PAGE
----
Scientists Have Discovered The Truth About The Legendary Yeti

“It demonstrates that modern science can really try and tackle some of these mysteries and unsolved questions that we have.”

Yeti Drawing

Ed Vebell/Getty ImagesA drawing of mountain climbers in the Himalayas spotting an Abominable Snowman or Yeti in the distance circa 1950 in Nepal.

Since the 1930s, when brave mountain climbers returned from their journeys to the Himalayas with stories of the “Abominable Snowman,” the Western world has been obsessed with the legend of the Yeti.

However recently, an international team of scientists have conducted DNA analysis of many artifacts purported to be body parts of the Yeti, and have determined that all of them actually belong to several species of bear native to the region, according to their paper published in the Proceedings of the Royal Society B scientific journal.

This team tested nine samples of teeth, bone, hair, and mummified skin attributed to the Yeti they collected from spiritual healers and monasteries deep in the Himalaya Mountains and the Tibetan Plateau.

From DNA analysis, they learned that all of these artifacts attributed to the Yeti were in fact body parts belonging to three species of bear native to the region: the Asian black bear, the Tibetan brown bear, and Himalayan brown bear.

“Of those nine samples, eight of them matched local bears that are found in the region today,” said Dr. Charlotte Lindqvist, who studies bear evolution at the University at Buffalo in New York and co-authored the study.

There was one exception – a stuffed “Yeti” at the Messner Mountain Museum in Italy that was created using the hair of a bear, and the teeth of a dog.

All the rest of the samples matched bears native to the region where they were found.

Yeti Femur

Icon Films Ltd.
A femur bone from the body of a purported Yeti found in a Tibetan cave. DNA revealed it is a brown bear bone.

“It demonstrates that modern science can really try and tackle some of these mysteries and unsolved questions that we have,” said Lindqvist.

The study also helped scientists better understand the lineage of the brown bear, as they collected numerous samples of Asian brown bears to compare to the samples.

The legend of the Yeti dates back thousands of years in the areas surrounding the Himalayan mountain range, with the Western name for the beast being derived from the Nepali words “ya,” meaning “rocky place,” and “te,” meaning “bear.”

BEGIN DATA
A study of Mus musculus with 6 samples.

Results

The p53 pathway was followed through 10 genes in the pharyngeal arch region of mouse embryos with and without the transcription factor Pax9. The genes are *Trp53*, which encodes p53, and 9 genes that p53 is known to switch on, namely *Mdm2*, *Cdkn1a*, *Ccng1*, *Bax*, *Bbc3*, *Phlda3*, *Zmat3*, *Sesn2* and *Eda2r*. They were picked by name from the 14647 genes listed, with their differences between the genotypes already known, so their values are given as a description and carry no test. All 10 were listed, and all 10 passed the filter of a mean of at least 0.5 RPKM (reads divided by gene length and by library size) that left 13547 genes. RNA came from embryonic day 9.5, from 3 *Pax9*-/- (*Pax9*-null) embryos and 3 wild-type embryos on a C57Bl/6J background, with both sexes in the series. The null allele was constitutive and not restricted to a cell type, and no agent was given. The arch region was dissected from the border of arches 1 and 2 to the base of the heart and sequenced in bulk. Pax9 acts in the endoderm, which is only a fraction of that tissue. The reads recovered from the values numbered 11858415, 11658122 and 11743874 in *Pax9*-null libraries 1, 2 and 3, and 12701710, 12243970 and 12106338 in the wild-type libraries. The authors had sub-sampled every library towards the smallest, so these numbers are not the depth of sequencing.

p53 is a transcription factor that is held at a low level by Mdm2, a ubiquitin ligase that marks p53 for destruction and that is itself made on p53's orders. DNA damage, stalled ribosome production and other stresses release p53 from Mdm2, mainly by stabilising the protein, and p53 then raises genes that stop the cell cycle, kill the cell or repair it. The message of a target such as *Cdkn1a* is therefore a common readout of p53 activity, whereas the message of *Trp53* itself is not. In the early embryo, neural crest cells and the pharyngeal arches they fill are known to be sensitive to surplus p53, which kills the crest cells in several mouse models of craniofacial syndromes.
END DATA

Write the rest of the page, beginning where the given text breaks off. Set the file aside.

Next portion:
The Yeti was a figure in the pre-Buddhist beliefs of many of the people who lived in these mountains, even being worshipped as a god of the hunt by some cultures in the region.

Tales of the Yeti first spread to the Western world during the early 20th century when European explorers in the Himalayas returned with stories of the mysterious beast. They also brought with them pictures of footprints attributed to the Yeti by local people.

These stories sparked great interest in the Western world, where the Yeti became a popular figure of urban legend and myth. It also become a major figure for cryptozoologists, people who aim to prove the existence of entities from the folklore record, known as “cryptids.”

Yeti Hair

Icon Films Ltd.
Hair said to have come from a Yeti that a Jesuit priest spotted in the mountains in the 1950s. It was actually from a bear.

Lindqvist realizes that with this long lineage, it is unlikely that the evidence put forward by her team will debunk the existence of the Yeti in everyone’s eyes.

“Even if there is no proof for the existence of cryptids it is impossible to completely rule out that they live,” she said.

Furthermore, she acknowledged that “the Yeti is very important to the local culture and folklore” of the Himalayas.

“Perhaps the Western hype about the Yeti, we can put that to rest,” Lindqvist hopes.

However, she recognizes the unlikelihood of that occurrence.

“People love a mystery,” she said.


Next, read how archaeologists just discovered where Julius Caesar invaded Britain. Then, learn how evidence of the fabled “King Polar Bear” may have just been discovered in Alaska.

Gabe Paoletti
Gabe is a New York City-based writer and an Editorial Intern at All That Is Interesting.